Matt Groening to give grads Bart-like wisdom?

Bart Simpson would never be allowed inside a college.

But Matt Groening, creator of "The Simpsons" who has built an empire on ridiculing authority figures, will stand behind the lectern today as the commencement speaker at his alma mater, The Evergreen State College.

His speech in the outdoor Campus Plaza is open to the public, as is his question-and-answer session with fellow cartoonist Lynda Barry tomorrow in the gymnasium.

"I left in shame, and now I'm returning in triumph," he said in a phone call from his Los Angeles office. "Well, I don't know if I left in shame, but I was kind of ashamed. That's the guilt that comes from reading Kierkegaard all winter."

But Evergreen staffers are delighted with the former philosophy major and school-newspaper editor who went on to achieve cartoon greatness that also encompasses "Futurama" and the "Life in Hell" strip, as well as 15 Emmy Awards and a Peabody for "The Simpsons." He'll speak before about 1,300 students at the liberal-arts college where he graduated in 1977.

Two days before the event, Groening wondered how he'd make it memorable. "Does anyone remember any graduation speech? I mean, I've attended a few graduations, and I don't remember who spoke, and I don't remember anything that they've said."

He admitted he'd put off writing his speech "like it's the final term paper I never finished." But there were some pearls of wisdom he could have used at his own graduation: "It's always good to have a good enough friend whose couch you can sleep on when you get evicted. And wash the dishes at the house that you're crashing at, and they'll be less inclined to kick you out."

Now 46, Groening is divorced and lives in L.A. with two sons, one of whom is named Homer.

"Evergreen was a blast," Groening recalled. "Kids spend their late adolescence rebelling against authority, if they've got any gumption. But there's nothing to rebel against at Evergreen, so you thrash about a bit at first, and then you go, `Oh, wait, I'm here to learn and have a good time.'

"When I was there, coed dorms had just come in, so when you went back home you could just regale your friends with tales of wildness in the coed dorms."

Evergreen was also the center of political correctness. "You had to turn your collar up when you went in to see a Clint Eastwood movie down in Olympia, because you didn't want to be seen by the other hippies," he said.

After Evergreen, Groening went on to amass a well-known list of achievements longer than Marge Simpson's beehive. "Life in Hell" was syndicated in 1980 and now runs in more than 200 newspapers, including the Ticket section of The Seattle Times. "The Simpsons" began as a short on "The Tracey Ullman Show" in 1987 and is now TV's longest-running animated series.

But in the beginning, was Groening inspired by an Evergreen version of the professor in the movie "The Paper Chase?" (They don't call them professors at Evergreen.)

"I had a philosophy teacher named Mark Levensky who taught fiction writing. And at the end of my time studying with him, he drew a formula on the blackboard that described the plot of every one of my short stories. It was a pretty simple formula," Groening said, chuckling. "And then he said, `You do what you do fairly well. Now you have to ask yourself, is it worth doing?' And that's haunted me for the rest of my life. That is the question that I keep asking myself."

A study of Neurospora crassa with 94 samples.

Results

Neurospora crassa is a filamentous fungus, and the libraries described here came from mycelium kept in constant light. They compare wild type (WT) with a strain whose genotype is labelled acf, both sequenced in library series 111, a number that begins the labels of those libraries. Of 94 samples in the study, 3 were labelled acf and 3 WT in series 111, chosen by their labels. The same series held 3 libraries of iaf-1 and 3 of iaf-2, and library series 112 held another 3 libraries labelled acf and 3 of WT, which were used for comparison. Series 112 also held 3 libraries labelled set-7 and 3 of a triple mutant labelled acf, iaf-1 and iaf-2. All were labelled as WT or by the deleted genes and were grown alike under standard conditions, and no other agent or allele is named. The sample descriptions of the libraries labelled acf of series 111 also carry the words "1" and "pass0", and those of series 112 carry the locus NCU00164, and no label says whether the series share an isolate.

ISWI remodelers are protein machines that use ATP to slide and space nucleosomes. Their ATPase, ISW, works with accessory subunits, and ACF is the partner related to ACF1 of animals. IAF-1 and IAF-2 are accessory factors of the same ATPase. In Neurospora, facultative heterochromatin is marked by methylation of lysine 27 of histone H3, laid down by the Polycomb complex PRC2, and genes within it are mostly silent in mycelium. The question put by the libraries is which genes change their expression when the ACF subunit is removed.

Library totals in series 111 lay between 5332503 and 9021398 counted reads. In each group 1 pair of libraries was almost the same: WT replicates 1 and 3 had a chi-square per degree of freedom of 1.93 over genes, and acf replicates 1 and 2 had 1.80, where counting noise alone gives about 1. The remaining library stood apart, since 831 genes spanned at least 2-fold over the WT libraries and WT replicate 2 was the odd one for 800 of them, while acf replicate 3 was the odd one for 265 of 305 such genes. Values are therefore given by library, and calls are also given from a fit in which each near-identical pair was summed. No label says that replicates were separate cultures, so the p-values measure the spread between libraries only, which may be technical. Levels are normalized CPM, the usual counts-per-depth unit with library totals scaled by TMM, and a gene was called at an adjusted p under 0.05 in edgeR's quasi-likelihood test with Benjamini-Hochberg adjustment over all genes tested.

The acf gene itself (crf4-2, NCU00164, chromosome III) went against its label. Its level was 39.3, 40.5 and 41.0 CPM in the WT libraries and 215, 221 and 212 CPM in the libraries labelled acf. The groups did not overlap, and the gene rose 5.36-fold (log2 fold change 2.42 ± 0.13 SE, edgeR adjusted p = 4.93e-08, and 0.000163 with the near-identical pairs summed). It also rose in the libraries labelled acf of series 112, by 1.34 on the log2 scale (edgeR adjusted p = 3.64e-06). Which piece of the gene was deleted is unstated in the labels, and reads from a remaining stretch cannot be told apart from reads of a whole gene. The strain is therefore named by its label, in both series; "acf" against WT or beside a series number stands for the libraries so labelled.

Some of it wasn't worth it. That is, according to some Seattle Times readers who complained about a "Simpsons" comic strip last December, and according to the editors who then decided to stop running the strip.

"Well, you know, on TV the wilder stuff just whizzes by," Groening said. "So if something does offend you, it's immediately replaced by something else. But with a comic strip, you can just stare at the decapitated cat and mouse for as long as you want, and then you call a newspaper editor, and the strip gets pulled. And these things happen."

If it's true that anything funny is bound to offend, Groening said, "People have pretty much given up on (complaining about) `The Simpsons,' but at the beginning of the series everything offended somebody. . . . At first, I tried to write to people and say, `Homer's a bad example; you're not supposed to be like Homer.' "

These days, Groening's life should resemble Homer's less than it does Homer's rich, tyrannical boss, Monty Burns.

"My friends and I used to muse idly about how we would live if we ever made it - you know, made it big. And we wondered whether or not we would live the way rich people live, in big mansions and drive fancy cars and have servants, or we would live the way we live now and have more piles of comic books and video tapes and CDs. For me, the latter is the way life turned out. I just have bigger piles of junk.

"I'm sitting here in my office, and I've got a stack of CDs that otherwise I wouldn't have been able to afford. Here's the other thing! The more money you get, the more free stuff people send you and give you. I can't believe that! It is the greatest scam ever. I highly recommend getting rich. I get free appetizers in restaurants."

There's got to be a moral here for Evergreen students today.

"I was told that I would never get a job in the Pacific Northwest in journalism after my disgraceful stewardship of the Cooper Point Journal," Groening says of the school newspaper. "Then I didn't. Hey, they were right!"


To see Matt Groening:

1:15 p.m. today, The Evergreen State College, 2700 Evergreen Parkway, Olympia. Groening will also speak at noon tomorrow in the school's gymnasium. For more information, call 360-867-6128.